This story was written by Keith Dawson for UBM DeusM’s community Web site Develop in the Cloud, sponsored by AT&T. It is archived here for informational purposes only because the Develop in the Cloud site is no more. This material is Copyright 2012 by UBM DeusM.

Coopetition on Web Platform Docs

Apple, Microsoft, Google, and Facebook are all on the same page on this one.

Web rivals are getting together with the W3C to develop a unified resource for Web developers, released this week in alpha form.


The motivation for developing such a central developers' resource is spelled out in a blog post introducing Web Platform Docs:

For years, Web developers have had to rely on multiple sites to help them learn Web programming or design, each with one piece of the puzzle. Great sites appear, covering one or two subjects, but too often fail to keep up with the rapid pace of changes to the Web platform... Today's web is more than just documents, it's applications and multimedia, and it's changing at a breakneck pace.

One developer put it this way in a tweet about the launch: "HTML5 Web App development is as close to Steampunk as you can get in post-Babbage computer science."

The site has big aspirations. According to the press release, it hopes eventually to be comprehensive enough to inform developers:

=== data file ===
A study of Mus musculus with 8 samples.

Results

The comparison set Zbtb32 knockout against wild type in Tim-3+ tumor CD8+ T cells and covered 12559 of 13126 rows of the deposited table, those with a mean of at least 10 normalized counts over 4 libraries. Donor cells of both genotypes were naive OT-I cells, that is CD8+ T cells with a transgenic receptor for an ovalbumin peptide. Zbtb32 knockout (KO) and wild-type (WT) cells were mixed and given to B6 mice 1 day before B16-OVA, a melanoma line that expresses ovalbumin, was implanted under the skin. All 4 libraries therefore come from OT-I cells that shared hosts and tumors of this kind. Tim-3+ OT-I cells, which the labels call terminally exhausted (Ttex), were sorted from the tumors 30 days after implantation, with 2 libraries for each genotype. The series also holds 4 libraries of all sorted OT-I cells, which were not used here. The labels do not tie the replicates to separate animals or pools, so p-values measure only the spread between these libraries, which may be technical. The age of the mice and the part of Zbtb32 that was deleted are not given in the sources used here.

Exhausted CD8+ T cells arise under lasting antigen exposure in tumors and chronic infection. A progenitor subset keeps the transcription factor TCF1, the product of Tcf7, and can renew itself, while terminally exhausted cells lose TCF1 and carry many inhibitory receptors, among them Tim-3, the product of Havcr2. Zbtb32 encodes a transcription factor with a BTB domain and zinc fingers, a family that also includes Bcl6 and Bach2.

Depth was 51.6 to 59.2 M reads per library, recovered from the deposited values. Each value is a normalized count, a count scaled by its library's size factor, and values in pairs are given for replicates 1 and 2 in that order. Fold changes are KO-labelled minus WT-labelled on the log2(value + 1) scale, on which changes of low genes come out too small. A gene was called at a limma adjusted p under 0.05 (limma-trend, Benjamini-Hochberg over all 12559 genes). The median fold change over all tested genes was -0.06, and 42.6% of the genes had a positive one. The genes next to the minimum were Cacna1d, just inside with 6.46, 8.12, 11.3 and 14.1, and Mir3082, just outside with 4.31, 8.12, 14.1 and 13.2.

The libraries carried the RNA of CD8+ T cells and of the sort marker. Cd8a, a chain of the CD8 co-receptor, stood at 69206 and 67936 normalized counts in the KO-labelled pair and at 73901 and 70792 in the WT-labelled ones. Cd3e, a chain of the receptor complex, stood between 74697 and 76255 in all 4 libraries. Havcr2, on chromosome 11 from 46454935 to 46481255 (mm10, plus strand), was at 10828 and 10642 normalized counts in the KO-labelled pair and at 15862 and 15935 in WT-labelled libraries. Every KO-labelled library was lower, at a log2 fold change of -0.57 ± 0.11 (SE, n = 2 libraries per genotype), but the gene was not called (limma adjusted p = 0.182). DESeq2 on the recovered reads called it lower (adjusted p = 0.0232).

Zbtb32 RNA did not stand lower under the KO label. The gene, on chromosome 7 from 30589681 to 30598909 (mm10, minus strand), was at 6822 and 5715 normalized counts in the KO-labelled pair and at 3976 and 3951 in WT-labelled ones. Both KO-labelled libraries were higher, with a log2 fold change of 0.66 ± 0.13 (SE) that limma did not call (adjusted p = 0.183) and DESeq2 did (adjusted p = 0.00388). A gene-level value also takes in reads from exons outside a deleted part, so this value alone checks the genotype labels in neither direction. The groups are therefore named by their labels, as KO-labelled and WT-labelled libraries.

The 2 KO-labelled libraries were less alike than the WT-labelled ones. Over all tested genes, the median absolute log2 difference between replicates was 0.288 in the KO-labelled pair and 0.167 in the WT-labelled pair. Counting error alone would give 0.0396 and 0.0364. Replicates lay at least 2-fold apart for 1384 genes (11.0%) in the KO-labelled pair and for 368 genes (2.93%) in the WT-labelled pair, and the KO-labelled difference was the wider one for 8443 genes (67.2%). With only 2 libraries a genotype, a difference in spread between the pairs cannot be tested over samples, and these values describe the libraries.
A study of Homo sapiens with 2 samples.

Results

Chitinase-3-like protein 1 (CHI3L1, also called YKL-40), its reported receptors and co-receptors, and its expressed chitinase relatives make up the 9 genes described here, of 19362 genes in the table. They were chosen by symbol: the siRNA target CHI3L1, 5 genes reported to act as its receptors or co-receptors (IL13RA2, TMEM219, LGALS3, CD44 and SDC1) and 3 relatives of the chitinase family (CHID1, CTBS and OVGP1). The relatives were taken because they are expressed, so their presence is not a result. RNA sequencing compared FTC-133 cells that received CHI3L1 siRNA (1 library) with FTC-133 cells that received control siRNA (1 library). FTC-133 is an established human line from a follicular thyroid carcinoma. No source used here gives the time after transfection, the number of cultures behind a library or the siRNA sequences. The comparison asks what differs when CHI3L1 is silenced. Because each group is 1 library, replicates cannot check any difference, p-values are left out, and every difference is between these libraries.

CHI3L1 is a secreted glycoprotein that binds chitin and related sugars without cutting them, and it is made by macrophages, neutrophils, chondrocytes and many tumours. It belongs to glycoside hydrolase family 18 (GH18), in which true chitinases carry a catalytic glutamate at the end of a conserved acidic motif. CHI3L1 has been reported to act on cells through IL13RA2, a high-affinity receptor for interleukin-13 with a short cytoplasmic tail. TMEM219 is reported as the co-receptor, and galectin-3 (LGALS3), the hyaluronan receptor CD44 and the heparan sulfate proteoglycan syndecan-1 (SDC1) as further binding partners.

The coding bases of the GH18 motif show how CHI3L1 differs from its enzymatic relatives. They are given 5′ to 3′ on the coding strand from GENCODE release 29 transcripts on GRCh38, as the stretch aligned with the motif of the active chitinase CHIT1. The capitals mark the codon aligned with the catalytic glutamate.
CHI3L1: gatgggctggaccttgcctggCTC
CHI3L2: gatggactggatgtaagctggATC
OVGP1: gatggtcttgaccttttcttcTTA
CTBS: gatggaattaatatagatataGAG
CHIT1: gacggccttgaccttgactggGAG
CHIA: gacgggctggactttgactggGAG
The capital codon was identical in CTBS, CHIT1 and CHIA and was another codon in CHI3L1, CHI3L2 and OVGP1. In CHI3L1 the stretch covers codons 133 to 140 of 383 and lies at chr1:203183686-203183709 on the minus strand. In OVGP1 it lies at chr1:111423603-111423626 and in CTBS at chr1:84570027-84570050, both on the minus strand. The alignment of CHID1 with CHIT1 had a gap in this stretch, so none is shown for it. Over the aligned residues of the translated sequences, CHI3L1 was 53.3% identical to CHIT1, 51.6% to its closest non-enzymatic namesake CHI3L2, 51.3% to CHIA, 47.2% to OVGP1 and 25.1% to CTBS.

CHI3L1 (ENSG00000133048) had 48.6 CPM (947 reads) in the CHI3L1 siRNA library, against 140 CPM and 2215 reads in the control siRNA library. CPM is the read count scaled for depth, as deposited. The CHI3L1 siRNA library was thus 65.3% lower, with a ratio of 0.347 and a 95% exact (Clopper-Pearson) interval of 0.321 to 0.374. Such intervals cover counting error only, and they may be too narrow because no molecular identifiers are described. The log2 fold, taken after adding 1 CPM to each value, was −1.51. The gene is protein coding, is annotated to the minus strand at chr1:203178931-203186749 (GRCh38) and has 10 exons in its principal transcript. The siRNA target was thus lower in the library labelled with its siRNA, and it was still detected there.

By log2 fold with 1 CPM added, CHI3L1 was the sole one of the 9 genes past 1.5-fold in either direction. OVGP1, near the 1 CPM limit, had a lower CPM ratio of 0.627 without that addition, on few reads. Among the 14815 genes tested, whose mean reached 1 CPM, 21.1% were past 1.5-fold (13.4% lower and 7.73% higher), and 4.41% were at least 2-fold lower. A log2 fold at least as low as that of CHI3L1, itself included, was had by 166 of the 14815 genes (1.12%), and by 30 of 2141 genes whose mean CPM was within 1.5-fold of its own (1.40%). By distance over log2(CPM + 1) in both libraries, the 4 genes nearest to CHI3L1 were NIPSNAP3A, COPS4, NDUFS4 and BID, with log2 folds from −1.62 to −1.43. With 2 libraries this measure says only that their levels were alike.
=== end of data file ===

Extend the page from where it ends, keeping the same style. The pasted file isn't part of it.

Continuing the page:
The reality so far is more modest. The main documentation site, docs.webplatform.org, is in the form of a wiki that all are invited to improve. The site has forums and an IRC chat section (the latter at the time of writing is having some technical glitches).

Overall the site feels like an alpha effort. The forum software lacks features compared to established sites such as Stack Overflow. There is more breadth than depth in the initial content provided by the stewards. One of the more highly voted questions in the forum asks, "Another MDN, what for?" -- referring to the Mozilla Developers Network. (Of course Opera, Microsoft, and the other stewards all have mature developer resources of their own in place.)

The real challenge, once Web Platform Docs matures, will be keeping all of its information up to date. The site aspires to cover the entire broad and expanding range of Web standards, including Canvas, CSS Flexbox, IndexedDB, SVG, and WebGL, in addition to HTML5 and CSS. Some of these are still changing rapidly.

The W3C may find it needs to turn more over to the community in order to keep up. One of the most highly voted-up forum posts on the alpha site suggests posting the site's code on GitHub -- so that bugs can be fixed by the global community, not merely recorded in the W3C's bug-tracking system for eventual attention, someday, maybe. It is a noble experiment in which the W3C is engaged and I look forward to watching it evolve.